According to the company vice president, a significant percentage of the large retailers buy their own paper for their insert programs. O'Brien says he hopes the Sears deal does turn out to be the start of a trend toward printers playing a larger role in the selection of substrates, whether that means they actually supply the paper or just get to be a key influencer in the purchasing decision. Since they touch on all stages of the supply chain and production cycle, printers are in the best position to find ways to pull costs out of the system, he points out.
"I don't think the focus should be solely on the price component," O'Brien says. "A printer can work with the end user and the paper producer to understand the broader issue of the total cost of a printed piece and do things to reduce contributing costs. That doesn't always mean getting a lower quoted price. If we're able to save a dollar and share it, everyone benefits."
Opportunities for savings can be found in doing things like combining roll sizes from multiple customers to give mills better trim utilization, finding better ways to package and ship rolls, etc., he points out.
One trend in the industry that is directed right at the price issue is the growing use of supercalendered grades (SCA) that compete with the lightweight coated stocks, O'Brien notes. "The quality of SCA has improved, so users can get a similar quality product that throughout the pricing cycle (up and down) will always be on the lower end."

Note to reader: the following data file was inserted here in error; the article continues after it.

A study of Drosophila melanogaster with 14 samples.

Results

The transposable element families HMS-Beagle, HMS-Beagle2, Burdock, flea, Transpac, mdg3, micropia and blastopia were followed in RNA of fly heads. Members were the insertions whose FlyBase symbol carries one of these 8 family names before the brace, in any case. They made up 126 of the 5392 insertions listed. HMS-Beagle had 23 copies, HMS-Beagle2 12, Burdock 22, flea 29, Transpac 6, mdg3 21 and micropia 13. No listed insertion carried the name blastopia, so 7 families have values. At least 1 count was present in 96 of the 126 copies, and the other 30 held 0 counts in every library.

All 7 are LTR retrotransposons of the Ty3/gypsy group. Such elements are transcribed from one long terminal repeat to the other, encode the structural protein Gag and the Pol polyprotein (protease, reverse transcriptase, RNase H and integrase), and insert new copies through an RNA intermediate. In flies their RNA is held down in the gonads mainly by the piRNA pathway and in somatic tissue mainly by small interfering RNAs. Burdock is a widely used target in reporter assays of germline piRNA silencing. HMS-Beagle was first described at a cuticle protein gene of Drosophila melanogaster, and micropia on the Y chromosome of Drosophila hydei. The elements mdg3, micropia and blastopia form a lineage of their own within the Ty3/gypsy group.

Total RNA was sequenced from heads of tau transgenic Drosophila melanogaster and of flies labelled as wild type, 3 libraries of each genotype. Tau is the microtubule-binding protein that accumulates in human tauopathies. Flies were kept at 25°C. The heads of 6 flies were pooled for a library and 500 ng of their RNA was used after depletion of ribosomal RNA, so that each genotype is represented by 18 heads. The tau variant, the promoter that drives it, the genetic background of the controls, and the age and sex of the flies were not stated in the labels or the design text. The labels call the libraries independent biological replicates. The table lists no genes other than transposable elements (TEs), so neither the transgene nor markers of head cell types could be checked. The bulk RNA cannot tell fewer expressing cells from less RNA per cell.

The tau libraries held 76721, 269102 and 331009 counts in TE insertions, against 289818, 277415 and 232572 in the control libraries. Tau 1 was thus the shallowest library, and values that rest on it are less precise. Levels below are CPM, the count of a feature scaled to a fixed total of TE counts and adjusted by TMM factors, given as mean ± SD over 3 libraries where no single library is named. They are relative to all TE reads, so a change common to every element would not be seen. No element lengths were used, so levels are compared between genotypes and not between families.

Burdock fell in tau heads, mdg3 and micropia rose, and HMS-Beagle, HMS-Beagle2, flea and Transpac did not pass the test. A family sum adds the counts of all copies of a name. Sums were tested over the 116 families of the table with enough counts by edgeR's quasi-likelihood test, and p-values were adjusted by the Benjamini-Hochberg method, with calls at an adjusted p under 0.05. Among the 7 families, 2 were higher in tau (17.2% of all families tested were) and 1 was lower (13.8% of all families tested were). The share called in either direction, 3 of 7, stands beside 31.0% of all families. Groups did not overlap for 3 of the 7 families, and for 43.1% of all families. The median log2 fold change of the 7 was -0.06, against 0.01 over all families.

The impact of falling paper prices can manifest in some surprising ways. In its recent financial report for the second quarter, Menasha, WI-based Banta Corp. noted that: "Sales for the quarter were $333 million compared with last year's $339 million. Lower paper prices reduced this year's second quarter sales by approximately $10 million." Despite its lower sales, Banta actually reported a seven percent increase in net earnings for the quarter as compared to 2001.